Media Kit

Definition of Media Kit

A document used primarily by ad sales professionals to concisely summarize the audience and advertising options for a website.

Media Kit in Depth

A media kit can be thought of as a summary of a website; it should highlight relevant characteristics of the audience, give an overview of what can be found on the site, and list some of the advertising options that the salesperson or sales team can include in a proposal.

There are a number of options when creating a media kit, but they are generally a few pages long and seek to convince potential advertisers of the value in selecting a particular site for their campaign. The “meat” of a media kit generally includes demographic information and other statistics that can help anyone not familiar with the site to understand the makeup of the audience.

Click here to view the MonetizePros Media Kit Template (PowerPoint version).

Sample Media Kit

If you’re planning to use ad networks such as Google AdSense or Media.net to monetize your ad inventory, you probably don’t have much use for a media kit. But if you’re going to be selling ads directly to advertisers, a media kit is one of the most important documents you’ll make. This is your chance to convey the value of your audience to advertisers, as well as to highlight the ways that they can run campaigns on your site (i.e., the ways they can give you money).

The primary goals of a media kit are very basic:

  1. Quantify your audience. Obviously, you’ll want to paint your audience in the most positive light possible in order to make your site attractive to advertisers.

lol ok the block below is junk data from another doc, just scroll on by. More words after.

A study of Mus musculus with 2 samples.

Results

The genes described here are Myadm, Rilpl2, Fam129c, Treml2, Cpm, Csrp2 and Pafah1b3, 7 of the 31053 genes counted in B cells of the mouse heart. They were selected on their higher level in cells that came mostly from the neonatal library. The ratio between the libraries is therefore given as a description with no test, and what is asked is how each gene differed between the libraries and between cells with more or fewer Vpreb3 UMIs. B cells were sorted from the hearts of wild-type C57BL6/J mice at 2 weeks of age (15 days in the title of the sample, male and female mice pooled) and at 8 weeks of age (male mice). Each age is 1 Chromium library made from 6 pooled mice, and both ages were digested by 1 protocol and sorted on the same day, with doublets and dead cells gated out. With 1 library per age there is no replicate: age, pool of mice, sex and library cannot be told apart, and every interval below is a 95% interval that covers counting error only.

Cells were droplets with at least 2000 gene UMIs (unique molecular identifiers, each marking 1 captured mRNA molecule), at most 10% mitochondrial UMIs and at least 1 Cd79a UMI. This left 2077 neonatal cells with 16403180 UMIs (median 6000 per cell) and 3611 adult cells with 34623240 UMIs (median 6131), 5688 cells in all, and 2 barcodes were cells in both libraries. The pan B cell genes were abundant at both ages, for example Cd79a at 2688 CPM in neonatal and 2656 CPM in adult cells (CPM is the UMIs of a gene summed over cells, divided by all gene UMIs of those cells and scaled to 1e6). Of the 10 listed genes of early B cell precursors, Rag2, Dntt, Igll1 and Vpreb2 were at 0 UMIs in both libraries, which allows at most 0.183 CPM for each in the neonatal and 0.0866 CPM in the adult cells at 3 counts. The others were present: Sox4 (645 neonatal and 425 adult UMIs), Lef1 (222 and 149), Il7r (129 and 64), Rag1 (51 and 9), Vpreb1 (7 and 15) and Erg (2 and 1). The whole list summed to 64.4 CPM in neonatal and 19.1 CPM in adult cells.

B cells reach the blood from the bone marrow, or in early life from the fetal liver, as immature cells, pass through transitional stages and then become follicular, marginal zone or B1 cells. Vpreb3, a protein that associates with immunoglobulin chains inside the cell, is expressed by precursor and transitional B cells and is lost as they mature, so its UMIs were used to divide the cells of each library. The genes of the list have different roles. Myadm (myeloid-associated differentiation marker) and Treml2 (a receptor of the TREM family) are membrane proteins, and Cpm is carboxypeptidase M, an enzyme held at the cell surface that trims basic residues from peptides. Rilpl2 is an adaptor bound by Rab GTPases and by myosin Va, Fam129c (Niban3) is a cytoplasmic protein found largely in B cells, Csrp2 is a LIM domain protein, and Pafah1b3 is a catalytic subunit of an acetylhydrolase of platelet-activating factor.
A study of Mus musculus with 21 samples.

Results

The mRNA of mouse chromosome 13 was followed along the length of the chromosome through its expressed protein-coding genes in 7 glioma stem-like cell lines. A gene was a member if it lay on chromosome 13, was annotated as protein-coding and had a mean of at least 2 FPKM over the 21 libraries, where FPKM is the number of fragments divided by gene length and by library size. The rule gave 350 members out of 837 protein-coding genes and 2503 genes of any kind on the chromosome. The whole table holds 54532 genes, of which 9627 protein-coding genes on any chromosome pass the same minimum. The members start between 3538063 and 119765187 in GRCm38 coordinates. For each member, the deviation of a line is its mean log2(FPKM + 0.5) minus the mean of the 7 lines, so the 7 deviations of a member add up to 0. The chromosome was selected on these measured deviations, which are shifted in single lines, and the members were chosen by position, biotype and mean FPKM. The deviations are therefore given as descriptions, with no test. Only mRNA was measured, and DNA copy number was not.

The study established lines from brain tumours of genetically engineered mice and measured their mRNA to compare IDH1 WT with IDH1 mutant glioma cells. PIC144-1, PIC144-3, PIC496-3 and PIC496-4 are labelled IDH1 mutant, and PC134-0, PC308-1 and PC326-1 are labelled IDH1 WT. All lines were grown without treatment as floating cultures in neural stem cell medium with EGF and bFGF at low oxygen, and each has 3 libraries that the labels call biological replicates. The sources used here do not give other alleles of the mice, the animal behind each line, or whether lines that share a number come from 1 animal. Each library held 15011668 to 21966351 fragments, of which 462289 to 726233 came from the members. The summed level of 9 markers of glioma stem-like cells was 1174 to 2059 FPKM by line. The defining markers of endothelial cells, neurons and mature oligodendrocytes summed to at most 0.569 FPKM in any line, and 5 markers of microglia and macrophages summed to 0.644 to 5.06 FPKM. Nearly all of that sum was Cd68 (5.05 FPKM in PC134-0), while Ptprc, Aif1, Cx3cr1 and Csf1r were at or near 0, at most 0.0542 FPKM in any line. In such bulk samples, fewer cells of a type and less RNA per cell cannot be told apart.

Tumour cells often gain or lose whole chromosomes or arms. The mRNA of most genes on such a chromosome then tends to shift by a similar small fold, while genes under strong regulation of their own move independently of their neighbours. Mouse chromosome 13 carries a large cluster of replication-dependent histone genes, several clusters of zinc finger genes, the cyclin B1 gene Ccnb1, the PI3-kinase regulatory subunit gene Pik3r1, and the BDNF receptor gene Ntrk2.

2. Clearly communicate advertising options. A media kit should make it clear to the potential advertiser what types of options are available on your site, including standard display ad units and more advanced / custom placements such as mobile sponsorships.

See the links above for examples of media kits that successfully accomplish one (or both) of these key objectives.

Best Practices

Though the length of a media kit can vary depending on the publisher, it’s generally best if this document is relatively short. Though it may be tempting to create a lengthy, professional kit, the reality is that most users will be looking only for a couple pieces of data and will not spend a significant amount of time reviewing.

Many publications make lengthy media kits with detailed highlights of team members and site features; most of this “fluff” is ignored by potential advertisers who really want to understand the makeup of the audience and the advertising opportunities.

A good media kit should always include the following pages / sections:

  1. Site Overview. This is a simple explanation of the site’s goals and features.
  2. Audience Stats. This can be very basic (such as the size of the audience) or very advanced (for example, including detailed breakdowns of spending habits, gender, or other descriptive factors).
  3. Advertising Options. This should detail how advertisers can spend money on your site. This section may include screenshots of ads live on the site.
  4. Contact Information. Because many readers of your media kit will find it without getting in touch with you first (more on this below), you should always include a name, emails address, and phone number that makes it easy to get in touch with you if they’re interested in getting a proposal.

Optional sections of a media kit include:

  1. Social media stats
  2. Editorial calendar
  3. Endorsements / testimonials
  4. Contributor bios
  5. Rate card

The decision to include a rate card in your media kit is a big one. If you are hoping to charge relatively high CPMs for your ad units, it may be better to exclude rate information so that you don’t scare off potential advertisers. Excluding the rate card also lets you show different rates to different advertisers, depending on what you think they’ll be willing and able to pay.

A media kit should be available in PDF form to be downloaded from your website. If possible it should be smaller than 2MB in size, and should be updated at least quarterly with the latest information (ideally, the title slide will include the date of the last update in order to convey that the information is fresh).

See Also

Related terms include: Demographics, Email Monetization, Rate Card.